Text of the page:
Trustworthy national benchmarking forpatient-centeredness in infertility care Prof dr Jan A.M. Kremer, gynaecologist Radboud University Nijmegen Medical Centre Twitter: @JKNL #ESHREinnovations Email: email@example.com Leuven, February 7th, 2013
Course objectives• Know the definition, dimensions and importance of patient-centred care• Know the tools that can be used for measuring and improving patientcentredness• Get inspired to work in measuring and improving patientcentredness in your own clinic
Paradigm shift • Not the system should be dominant, but the patient as a person should be dominant • Don Berwick: ‘we should behave with patients not as hosts in the care system but as guests in their lives’ • Patientcentredness
What is patientcentredness?• Patient-centred ART ≠ Patient-friendly ART • False attractiveness: too positive, ART and infertility is not friendly at all • No clear definition: could be used for any less invasive form of ART • Commercial incentives: can be used to prevent drop-outs and to increase the turnover of cycles and medication• More than just being nice to patients• Patient centeredness ≠ patient satisfaction
What is patientcentredness?• Focus on patient’s experiences and needs• Institute of Medicine, 2001: Being respectful of (and responsive to) individual patient preferences, needs and values; and ensuring that patient values guide all clinical decisions.
Dimension of quality of care 1. Safety 2. Effectiveness 3. Timeliness 4. Efficiency 5. Equity of access 6. Patient centerednessBengoa (WHO), 2006 and Corrigan (IOM), 2001
Dimensions of patient centeredness1. Access to care2. Respect for patients values, preferences, needs3. Coordination and integration of care4. Information, communication and education5. Physical comfort6. Emotional support and alleviation of fear and anxiety7. Involvement of family and friends8. Transition and continuity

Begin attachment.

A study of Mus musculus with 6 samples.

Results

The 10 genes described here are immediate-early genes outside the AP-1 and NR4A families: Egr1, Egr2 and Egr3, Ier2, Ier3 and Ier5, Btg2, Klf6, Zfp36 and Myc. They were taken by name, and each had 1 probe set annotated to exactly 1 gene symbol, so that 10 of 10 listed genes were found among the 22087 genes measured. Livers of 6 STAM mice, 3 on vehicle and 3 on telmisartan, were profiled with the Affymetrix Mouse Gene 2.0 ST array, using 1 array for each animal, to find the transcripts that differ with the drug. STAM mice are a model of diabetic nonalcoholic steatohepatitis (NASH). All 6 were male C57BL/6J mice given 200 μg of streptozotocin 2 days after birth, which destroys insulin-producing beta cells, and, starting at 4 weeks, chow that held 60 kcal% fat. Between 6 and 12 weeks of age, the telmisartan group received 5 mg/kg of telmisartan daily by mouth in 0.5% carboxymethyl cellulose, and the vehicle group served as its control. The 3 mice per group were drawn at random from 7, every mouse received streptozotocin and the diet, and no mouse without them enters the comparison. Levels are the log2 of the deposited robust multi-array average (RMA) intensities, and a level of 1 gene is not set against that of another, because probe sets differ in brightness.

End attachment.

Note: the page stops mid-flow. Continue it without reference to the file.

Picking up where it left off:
How to measure patientcentredness? • If you can not measure it, you can not improve it • Not easy, because of the fuzzy concept • Focus groups, interviews, qualitative studies (e.g. storytellers) and questionnaires • Measure experiences and not satisfaction • Focus on the eight dimensions of PCM
B. PCQ Infertility• A national measurement instrument• Validation study van Empel et al., Hum Reprod. 2010• Available in Dutch and English• Online available: • http://humrep.oxfordjournals.org • http://www.umcn.nl/PCQInfertility
Educational outreach visits (n=16) • 82 actions: 3-7 per hospital, based on their scores 36 actions completed (May 2011)
Examples of improvement actions • Patients receive a card with the name of key doctor • Each patient will get a standard evaluation visit after three IUI cycles • Patients receive a scheme of the time schedule of the treatment • Emotional aspects will be discussed during each evaluation consultation
Results will follow in 2013 • ……………. • ……………. • ……………. • …………….
National benchmarking Dutch Society of Reproductive Medicine (Annemijn Aarts) • Adopted the PCQ as indicator for patient-centredness • Acknowledges patient-centredness as equal to other quality measures, such as effectiveness (pregnancy rates) and safety (twin births) • Annual measurement of Dutch fertility clinics to monitor and improve patientcentredness
www.patientervaringen-fertiliteit.nl Clinic invites their patients to the questionnaire
Benchmark and feedback Website generates feedback reports • Anonymously benchmark of PCQ dimensions • Insight on individual care scores of your own clinic • DSRM has insight in national scores, not in individual scores
We want children, …how static & top-down.but most of all we As modern care want patient- consumers, we want more centred care… than just being treated!